Energy Pyramid Definition for Kids

Energy Pyramid Definition for Kids


Energy Pyramid: Definition

An energy pyramid is a diagram or a graphical representation of how energy is produced and how it flows from one group to another or one organism to another. An energy pyramid can be used to depict a food chain, it may be used to depict the various processes in a chemical equation and it may also be used to illustrate or depict a natural process of energy conversion and transmission in a graphical way.

Let us confine our discussion to food chain or energy producers and consumers. It is well known that only one form of life can produce their own food and is thus the energy producers. These producers can generate energy from nonliving elements in the ecology. These producers are also the ones that introduce the energy in the community of consumers. The producers are the plants and some single celled microorganisms that can make their own food.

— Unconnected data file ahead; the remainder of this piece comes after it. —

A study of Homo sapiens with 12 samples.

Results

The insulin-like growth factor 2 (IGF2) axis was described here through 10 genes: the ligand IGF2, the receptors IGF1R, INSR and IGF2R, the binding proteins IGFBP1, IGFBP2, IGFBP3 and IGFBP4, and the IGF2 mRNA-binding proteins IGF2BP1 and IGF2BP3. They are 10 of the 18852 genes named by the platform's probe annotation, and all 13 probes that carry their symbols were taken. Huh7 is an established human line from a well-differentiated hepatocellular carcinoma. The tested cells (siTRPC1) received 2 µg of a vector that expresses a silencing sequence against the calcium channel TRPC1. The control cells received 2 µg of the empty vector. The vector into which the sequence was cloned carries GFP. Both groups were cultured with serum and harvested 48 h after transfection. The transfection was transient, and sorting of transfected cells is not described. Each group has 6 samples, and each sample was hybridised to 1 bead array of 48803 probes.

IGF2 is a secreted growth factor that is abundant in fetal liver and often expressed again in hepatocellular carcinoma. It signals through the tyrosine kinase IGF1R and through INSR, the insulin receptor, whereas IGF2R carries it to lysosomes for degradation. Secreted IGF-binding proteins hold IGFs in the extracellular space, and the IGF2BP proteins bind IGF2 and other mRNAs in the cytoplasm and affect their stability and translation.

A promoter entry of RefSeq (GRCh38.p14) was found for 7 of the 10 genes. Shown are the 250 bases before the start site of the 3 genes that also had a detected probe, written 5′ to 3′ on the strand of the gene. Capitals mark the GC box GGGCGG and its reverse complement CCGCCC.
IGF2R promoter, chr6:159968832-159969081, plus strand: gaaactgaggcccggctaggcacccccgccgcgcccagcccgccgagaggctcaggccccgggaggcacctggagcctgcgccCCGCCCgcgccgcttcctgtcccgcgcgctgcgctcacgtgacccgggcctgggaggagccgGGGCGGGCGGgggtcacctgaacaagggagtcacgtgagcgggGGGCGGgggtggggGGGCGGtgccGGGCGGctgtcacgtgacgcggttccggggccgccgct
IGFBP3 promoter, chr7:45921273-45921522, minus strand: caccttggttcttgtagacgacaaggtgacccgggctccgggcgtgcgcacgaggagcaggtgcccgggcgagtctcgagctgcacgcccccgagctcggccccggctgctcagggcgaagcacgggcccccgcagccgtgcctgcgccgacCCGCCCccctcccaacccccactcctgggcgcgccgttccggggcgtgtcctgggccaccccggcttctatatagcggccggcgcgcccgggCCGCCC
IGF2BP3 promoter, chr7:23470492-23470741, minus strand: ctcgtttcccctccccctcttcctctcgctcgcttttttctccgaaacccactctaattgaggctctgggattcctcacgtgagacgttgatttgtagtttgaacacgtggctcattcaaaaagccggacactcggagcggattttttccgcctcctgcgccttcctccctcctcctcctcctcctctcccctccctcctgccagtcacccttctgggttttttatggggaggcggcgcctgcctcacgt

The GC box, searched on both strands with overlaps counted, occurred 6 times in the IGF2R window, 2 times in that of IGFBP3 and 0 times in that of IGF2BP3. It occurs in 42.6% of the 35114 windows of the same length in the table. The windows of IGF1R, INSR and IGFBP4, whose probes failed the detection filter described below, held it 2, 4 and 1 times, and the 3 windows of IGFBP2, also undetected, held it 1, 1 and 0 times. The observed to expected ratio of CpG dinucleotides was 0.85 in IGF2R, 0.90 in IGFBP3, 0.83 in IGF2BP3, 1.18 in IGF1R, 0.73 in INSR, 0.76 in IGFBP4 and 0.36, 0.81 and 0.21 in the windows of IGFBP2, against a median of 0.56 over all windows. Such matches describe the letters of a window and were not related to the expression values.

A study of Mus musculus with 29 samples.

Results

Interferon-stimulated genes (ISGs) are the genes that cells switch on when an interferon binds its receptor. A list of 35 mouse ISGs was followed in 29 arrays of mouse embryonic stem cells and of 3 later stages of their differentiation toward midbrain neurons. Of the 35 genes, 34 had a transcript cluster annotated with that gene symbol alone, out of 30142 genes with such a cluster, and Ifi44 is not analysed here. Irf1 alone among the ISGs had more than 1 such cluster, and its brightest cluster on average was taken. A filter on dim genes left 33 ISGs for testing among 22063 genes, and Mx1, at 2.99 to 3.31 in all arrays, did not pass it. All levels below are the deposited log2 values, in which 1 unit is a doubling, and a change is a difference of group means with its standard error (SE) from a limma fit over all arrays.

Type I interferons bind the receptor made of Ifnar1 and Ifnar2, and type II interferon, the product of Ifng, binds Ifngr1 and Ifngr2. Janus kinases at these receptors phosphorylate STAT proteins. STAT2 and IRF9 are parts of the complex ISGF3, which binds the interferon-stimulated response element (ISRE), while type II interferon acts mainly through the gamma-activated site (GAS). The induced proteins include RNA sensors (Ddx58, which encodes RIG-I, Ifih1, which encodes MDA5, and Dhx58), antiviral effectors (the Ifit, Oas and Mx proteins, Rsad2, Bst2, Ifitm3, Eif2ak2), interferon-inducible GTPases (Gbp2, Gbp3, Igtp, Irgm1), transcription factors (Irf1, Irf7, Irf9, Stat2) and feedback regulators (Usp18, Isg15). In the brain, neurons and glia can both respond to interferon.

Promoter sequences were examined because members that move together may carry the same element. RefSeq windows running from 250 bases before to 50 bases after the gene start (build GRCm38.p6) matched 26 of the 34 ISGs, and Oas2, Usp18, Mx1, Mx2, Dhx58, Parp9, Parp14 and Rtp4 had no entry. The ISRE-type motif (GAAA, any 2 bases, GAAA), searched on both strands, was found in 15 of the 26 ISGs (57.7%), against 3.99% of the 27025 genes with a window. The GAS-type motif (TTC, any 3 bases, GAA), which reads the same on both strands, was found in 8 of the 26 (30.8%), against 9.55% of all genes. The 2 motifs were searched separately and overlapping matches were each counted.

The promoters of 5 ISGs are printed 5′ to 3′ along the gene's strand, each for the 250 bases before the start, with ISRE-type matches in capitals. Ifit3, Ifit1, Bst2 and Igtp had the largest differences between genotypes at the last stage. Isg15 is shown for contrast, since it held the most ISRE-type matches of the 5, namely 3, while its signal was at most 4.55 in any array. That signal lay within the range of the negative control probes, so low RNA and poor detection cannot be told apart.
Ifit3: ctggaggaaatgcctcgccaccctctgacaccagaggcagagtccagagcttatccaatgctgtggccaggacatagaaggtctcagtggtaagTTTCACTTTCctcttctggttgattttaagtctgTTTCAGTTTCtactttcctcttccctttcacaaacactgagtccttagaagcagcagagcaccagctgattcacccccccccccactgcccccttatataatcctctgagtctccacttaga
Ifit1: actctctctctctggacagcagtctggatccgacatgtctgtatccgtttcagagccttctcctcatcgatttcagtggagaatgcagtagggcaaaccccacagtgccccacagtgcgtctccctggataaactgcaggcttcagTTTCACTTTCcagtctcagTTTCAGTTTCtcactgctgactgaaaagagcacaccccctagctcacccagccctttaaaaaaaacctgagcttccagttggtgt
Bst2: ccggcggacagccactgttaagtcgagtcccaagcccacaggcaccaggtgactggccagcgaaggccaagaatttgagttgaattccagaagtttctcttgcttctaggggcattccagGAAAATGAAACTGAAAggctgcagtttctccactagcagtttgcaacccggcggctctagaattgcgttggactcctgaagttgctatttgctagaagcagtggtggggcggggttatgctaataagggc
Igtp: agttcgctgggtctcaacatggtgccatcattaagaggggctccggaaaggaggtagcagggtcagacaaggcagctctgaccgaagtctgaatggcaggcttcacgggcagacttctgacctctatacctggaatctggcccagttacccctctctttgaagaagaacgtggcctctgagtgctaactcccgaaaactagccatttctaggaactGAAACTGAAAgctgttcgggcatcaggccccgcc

The producers form the absolute bottom level of the energy pyramid. The second level from the bottom is of primary consumers who obtain energy from the producers. In other words, the primary consumers are herbivores as they feed on plants, fruits and vegetables. The third level from the bottom is of secondary consumers. These feed on the primary consumers. These are carnivores as they feed on living organisms. The fourth level from the bottom which is usually the topmost level at the tip of the pyramid feed on secondary consumers.

The number of levels can vary depending on the food chain. If humans are factored in along with all animals in the world, then the food chain would have more than ten levels. If only plants, fishes and birds are taken into consideration then four levels would be sufficient for the energy pyramid.

One may wonder why it is called an energy pyramid and why the graphical representation is in the form a triangle or pyramid. The reason is that every level upward, there is a decline in available and useful energy. The producers are the richest sources of energy, then the primary consumers and finally the secondary consumers. Tertiary consumers have very little energy left in them to become food or source of energy for another level.